The hike addresses neither the failing health of the finances of the Government nor that of the oil marketing companies.
By ‘allowing' retail prices of petrol to go up by Rs 7.5-8 per litre, without touching diesel at all, the Government may end up further incentivising already inefficient and iniquitous patterns of fuel consumption. Diesel is the most burnt fuel in India, with an annual consumption of around 65 million tonnes, which is more than four times that of petrol. Moreover, its sales, even from this higher base, rose by almost five million tonnes in 2011-12, compared with less than a million tonnes in the case of petrol. From this, it should be obvious that the country – which imports the bulk of its oil requirements and is struggling to finance these – ought to be restraining the consumption of diesel relative to other fuels. What the Government has been doing is quite the opposite. The latest increase announced by oil marketing companies (OMC) would translate into a price differential of over Rs 32 a litre between petrol and diesel now, as against hardly Rs 13 five years ago.
No wonder, then, diesel is being increasingly preferred by car-owners and even industries that normally use fuel oil or LSHS (low sulphur heavy stock) to fire their boilers and furnaces. An indication of it is the fact that one out of every two cars sold today runs on diesel, whereas this ratio was one-in-four a couple of years back. Similarly, it is instructive to note that fuel oil/LSHS consumption actually fell by 6.5 per cent in 2011-12. Inefficiency apart, there is also an inequity component here. Petrol is no longer today a rich man's fuel, as it is largely being used in two-wheelers, auto-rickshaws or sub-1,000 cc cars driven by not-so-affluent sections. On the other hand, a sedan owner burning 150 litres of petrol a month would save a cool Rs 4,800 now by switching to diesel – and manage to log an extra 600-700 km due to better engine mileage as well! In other words, the subsidy on a fuel, originally intended for farmers, truckers and public transport utilities, is going more and more to those least deserving of such taxpayer empathy.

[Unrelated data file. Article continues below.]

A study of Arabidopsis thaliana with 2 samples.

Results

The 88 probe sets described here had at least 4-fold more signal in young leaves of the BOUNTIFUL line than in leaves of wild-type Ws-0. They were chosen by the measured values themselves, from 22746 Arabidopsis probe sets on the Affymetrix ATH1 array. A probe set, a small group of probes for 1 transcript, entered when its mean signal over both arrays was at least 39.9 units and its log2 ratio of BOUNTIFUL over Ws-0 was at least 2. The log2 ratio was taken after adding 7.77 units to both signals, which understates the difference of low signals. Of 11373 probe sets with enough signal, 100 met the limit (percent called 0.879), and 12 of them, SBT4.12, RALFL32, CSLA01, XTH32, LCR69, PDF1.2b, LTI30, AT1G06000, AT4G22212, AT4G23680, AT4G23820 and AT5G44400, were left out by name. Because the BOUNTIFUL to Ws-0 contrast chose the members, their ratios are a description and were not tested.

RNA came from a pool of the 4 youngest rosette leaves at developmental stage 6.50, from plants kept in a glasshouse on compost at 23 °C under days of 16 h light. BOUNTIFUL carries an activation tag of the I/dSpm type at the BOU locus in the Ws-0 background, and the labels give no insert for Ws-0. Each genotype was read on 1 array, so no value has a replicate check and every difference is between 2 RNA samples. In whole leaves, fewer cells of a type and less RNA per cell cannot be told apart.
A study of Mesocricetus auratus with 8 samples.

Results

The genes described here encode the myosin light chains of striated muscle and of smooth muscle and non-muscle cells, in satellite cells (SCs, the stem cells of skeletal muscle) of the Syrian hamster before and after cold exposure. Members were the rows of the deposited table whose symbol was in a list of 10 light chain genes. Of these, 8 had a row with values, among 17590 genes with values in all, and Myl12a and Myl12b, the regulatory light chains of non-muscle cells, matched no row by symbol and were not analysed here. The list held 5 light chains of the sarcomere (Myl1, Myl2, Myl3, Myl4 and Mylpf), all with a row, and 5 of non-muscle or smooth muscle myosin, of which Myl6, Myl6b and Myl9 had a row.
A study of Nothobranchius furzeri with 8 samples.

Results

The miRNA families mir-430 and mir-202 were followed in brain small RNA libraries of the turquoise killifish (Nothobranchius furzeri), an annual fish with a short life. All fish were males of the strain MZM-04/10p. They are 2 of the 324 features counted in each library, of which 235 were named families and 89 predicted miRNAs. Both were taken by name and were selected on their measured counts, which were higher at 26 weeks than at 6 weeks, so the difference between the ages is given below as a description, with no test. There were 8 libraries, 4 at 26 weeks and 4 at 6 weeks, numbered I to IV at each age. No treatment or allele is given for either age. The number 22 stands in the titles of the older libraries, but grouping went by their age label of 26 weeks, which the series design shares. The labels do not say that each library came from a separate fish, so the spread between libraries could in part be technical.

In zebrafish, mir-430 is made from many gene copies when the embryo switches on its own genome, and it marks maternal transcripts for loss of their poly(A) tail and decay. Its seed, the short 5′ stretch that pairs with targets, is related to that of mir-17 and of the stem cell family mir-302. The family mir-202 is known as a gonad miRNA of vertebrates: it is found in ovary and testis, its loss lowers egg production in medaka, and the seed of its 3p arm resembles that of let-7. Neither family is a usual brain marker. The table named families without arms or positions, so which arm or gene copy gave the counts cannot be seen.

The current price hike also does not address in any serious manner, the twin problems of a fast depreciating rupee and global crude prices that are still far from exhibiting any definite signs of softening. Both have combined to wreak havoc on the finances of the OMCs and the Government's own subsidy bill, which is already out of sync with its budget estimates. It's high time the Government recognises these and, as a first step, arrest the widening consumption distortions in transportation fuels. This, it can by suitably hiking diesel prices and, perhaps, even reducing the excise burden on petrol to make it competitive vis-à-vis the former. Although petrol is technically a deregulated fuel, in practice, it is not. Even if the OMCs are given full freedom to fix prices, it does not really amount to deregulation, so long as petrol imports continue to be canalised, duties remain high, and there aren't any independent fuel retailers in the country. We need all of this not only for petrol, but also for diesel, so that consumers get to experience true deregulation and choose fuels based on their intrinsic calorific value or relative burning efficiency.